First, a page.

Family-friendly urban gardens: how to make the most of a small space
Urban gardens, often on the small side, can still keep all members of the family happy
Urban gardens, for those lucky enough to have them, are usually on the small side, meaning compromises must be reached on how the space is best used. Now, innovative companies are rethinking what is possible with landscaping solutions, thoughtful re-uses of outhouses, and clever tricks to hide children’s play equipment, creating urban gardens that everyone can enjoy.
Simple garden sets for urban garden TLC
At the coldest point of the year, motivation to show your garden some love can be low, but put the work in now and you’ll reap the rewards later. The Stem, one of our favourite digital stops for hardy house plants, also has a range of handy tools. We love the clean simplicity of this gently curved set from Sophie Conran, with beech handles comfortably moulding to the shape of the hand, making gardening a pleasure.
The design furniture increasing biodiversity
Vestre Habitats have collaborated with Arde and Rethink Studio on a range of design furniture which aims to increase biodiversity in outdoor urban environments. The pieces don’t impede the natural cycles of processes such as the decomposition of dead wood, and create a habitat where fungi, insects, beetles and birds can thrive.
The space-saving play equipment for children
Children’s play equipment doesn’t have.to be unsightly or enormous; on the contrary, it can be both be compact and elegant. Plum Play thoughtfully design children’s outdoor toys from sustainable wood for toys which will endure. Children will love this pretty easel, and parents will love the small size and handy storage for brushes and paints.
The sustainable plant pots for elegant patios
London-based Mexican designer Arturo Soto creates beautiful pots and pedestals for bonsai trees, using gleaming recycled wood. Bonsais can be easily removed from their walnut and ply homes, making watering them effortless. Soto’s brand, Memories of green, subscribes to a zero waste policy from his woodturning studio in Deptford’s Cockpit Arts.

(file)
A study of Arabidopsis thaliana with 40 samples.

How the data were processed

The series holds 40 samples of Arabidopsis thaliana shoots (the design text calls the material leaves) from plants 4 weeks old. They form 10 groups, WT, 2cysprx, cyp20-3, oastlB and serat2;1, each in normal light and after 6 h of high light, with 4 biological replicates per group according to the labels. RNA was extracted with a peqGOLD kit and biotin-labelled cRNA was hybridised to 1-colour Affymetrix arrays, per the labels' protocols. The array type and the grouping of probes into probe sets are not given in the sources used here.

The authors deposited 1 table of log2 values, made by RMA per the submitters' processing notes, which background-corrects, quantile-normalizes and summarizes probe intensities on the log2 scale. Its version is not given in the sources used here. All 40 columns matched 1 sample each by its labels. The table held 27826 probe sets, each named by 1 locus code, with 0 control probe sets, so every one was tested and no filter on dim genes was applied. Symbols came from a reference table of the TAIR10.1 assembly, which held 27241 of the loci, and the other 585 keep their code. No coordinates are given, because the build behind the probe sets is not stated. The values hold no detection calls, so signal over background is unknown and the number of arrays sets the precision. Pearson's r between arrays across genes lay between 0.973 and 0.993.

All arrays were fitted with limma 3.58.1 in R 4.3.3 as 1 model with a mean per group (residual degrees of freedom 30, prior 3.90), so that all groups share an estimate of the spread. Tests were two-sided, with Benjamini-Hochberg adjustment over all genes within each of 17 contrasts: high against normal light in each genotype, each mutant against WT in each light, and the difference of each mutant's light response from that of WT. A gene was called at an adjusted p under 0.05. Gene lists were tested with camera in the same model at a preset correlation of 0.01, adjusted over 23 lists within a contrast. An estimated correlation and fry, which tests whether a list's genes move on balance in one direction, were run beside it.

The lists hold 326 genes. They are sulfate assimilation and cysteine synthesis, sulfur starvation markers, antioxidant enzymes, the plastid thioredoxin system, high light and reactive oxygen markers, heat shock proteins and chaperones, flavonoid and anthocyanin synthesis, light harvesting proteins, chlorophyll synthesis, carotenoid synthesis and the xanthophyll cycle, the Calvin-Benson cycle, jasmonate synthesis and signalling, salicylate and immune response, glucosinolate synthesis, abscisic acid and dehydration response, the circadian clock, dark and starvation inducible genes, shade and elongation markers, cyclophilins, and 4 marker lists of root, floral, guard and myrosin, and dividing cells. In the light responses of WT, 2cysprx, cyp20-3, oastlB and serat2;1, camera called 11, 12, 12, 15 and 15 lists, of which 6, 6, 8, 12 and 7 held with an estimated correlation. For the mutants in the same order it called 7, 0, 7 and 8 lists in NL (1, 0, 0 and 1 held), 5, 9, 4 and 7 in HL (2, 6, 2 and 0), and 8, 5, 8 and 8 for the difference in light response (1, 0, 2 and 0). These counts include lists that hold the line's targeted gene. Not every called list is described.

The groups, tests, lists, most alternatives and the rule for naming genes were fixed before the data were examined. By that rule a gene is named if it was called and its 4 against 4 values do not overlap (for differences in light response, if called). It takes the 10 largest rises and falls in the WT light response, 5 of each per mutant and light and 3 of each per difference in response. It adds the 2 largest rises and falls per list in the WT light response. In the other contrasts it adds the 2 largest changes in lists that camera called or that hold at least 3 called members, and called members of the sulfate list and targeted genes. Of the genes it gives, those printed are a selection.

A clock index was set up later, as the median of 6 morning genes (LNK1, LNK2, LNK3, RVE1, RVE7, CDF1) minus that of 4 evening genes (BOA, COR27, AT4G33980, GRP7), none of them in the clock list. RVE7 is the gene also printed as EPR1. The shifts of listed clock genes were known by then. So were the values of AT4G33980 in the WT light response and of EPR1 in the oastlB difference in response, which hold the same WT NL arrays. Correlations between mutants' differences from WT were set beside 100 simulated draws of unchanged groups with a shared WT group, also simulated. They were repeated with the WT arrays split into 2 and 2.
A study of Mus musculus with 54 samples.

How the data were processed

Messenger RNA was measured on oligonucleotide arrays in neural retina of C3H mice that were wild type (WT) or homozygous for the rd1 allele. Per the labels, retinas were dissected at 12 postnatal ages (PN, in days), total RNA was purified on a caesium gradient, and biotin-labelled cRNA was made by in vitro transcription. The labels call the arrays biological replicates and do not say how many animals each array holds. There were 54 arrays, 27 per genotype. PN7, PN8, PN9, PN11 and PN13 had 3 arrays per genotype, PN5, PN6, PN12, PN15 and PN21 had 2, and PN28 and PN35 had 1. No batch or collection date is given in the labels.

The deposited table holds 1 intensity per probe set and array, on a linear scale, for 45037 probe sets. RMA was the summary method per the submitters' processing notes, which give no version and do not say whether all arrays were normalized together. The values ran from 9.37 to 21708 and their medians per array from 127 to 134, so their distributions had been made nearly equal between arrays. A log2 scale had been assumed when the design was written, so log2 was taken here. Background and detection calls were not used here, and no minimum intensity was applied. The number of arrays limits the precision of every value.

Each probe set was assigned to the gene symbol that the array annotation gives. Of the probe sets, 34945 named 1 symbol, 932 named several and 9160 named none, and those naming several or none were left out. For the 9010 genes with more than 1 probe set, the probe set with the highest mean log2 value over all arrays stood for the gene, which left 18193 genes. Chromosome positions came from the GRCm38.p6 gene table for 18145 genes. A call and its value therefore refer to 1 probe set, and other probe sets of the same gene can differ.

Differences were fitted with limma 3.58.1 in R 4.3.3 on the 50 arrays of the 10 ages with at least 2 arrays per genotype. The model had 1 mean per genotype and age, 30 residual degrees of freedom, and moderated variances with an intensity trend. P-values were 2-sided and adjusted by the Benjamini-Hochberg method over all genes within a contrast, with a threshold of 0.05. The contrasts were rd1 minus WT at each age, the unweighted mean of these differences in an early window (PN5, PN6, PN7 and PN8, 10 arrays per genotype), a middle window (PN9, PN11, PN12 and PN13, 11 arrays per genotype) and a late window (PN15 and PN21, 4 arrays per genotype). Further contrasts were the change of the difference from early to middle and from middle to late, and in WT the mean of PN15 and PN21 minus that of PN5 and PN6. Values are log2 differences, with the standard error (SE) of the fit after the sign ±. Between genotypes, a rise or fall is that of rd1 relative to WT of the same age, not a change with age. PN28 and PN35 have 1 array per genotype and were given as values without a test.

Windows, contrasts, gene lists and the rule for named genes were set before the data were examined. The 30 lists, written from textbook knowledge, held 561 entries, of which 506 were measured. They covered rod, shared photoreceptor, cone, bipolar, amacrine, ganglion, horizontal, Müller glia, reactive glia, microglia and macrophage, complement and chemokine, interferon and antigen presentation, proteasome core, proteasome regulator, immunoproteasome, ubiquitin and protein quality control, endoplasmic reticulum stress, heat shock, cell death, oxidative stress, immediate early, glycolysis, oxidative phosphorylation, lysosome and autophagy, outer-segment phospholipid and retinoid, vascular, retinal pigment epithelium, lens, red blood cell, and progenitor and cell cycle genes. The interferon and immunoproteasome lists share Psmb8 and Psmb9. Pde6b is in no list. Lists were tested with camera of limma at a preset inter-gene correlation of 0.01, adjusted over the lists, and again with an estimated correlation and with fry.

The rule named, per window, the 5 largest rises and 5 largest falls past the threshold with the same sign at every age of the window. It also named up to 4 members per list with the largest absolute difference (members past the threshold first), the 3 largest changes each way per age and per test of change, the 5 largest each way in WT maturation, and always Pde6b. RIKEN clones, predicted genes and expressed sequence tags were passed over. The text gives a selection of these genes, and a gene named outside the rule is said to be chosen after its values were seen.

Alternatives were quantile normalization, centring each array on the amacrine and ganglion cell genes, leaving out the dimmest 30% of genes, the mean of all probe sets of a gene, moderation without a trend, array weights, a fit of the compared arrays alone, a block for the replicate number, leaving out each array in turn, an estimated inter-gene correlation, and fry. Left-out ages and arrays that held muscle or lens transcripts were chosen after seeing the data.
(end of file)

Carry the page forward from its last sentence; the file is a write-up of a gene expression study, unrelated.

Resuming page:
The portable greenhouse for the green-fingered
Garden too small for a greenhouse? Try a portable one which offers no need to compromise on design. The Bramber has been crafted by designer David Le Versha, who brings an expertise in the construction of Victorian-inspired iron objects to a beautifully formed portable greenhouse. Formed from stainless steel and aluminium, each detail is carefully considered to ensure easy usability. The glass lid can be kept open in all positions, and two handles mean the greenhouse can be rolled like a wheelbarrow depending on whether your plants require sun or shade. Water them by simply raising the tilting windows.
Hidden trampolines to thrill children (and parents)
Most parents living with small urban gardens will know there comes a point when you must decide if you are willing to compromise precious outdoor space on unsightly trampolines. Giving the children years of joy, yes, but potentially kissing goodbye to an evening G&T in the sun – it’s a tough decision we may not have to make. Sunken Trampolines creates safe trampolines that are flush with the ground for safety purposes, but can also be hidden with a lid to match your grass – letting the space double as the perfect spot for a barbecue. ‘Both the trampoline and the lid can be made to suit the size available,’ says Sunken Trampolines’ director Angus Macwatt. ‘Putting them in the ground dramatically decreases the visual size of the trampoline. Many clients are amazed at how the large trampoline just disappears once it has been installed. Any garden can be transformed with a Sunken Trampoline no matter how small a space.’
The compact urban garden (that still has space for everyone)
Angus Thompson Design’s award-winning urban garden proves space restrictions don’t need to mean a compromise. ‘Like many town gardens, this relatively small space had to fulfil multiple roles: family garden, access to work studio, entertaining space, and place to unwind amongst beautiful, romantic planting,’ say the designers of the Oxford garden. Embracing a juxtaposition of textures – stone, glass and wood – gives the garden a wilder aesthetic that is often lost in a city space. ‘Planted to create a lush woodland-edge feel, we used cow parsley, ferns and foxgloves giving way to astrantias and late season aster divaricates in summer, creating a pleasing indulgence against the crisp, hard detailing,’ they add.
Urban gardens offering space for grown-up children
A bungalow annexe dating from the 1970s gets a sleek and useful update in this Kingston-upon-Thames garden by architect Stephen Coates. He and his wife have grown-up children, and wanted space for them to visit but without having unused and empty rooms for the rest of the time. The new annexe, doubling as a garden study, provides the ideal solution – created from prefabricated structural insulated panels and clad in Siberian Larch, it makes the most of a small garden space.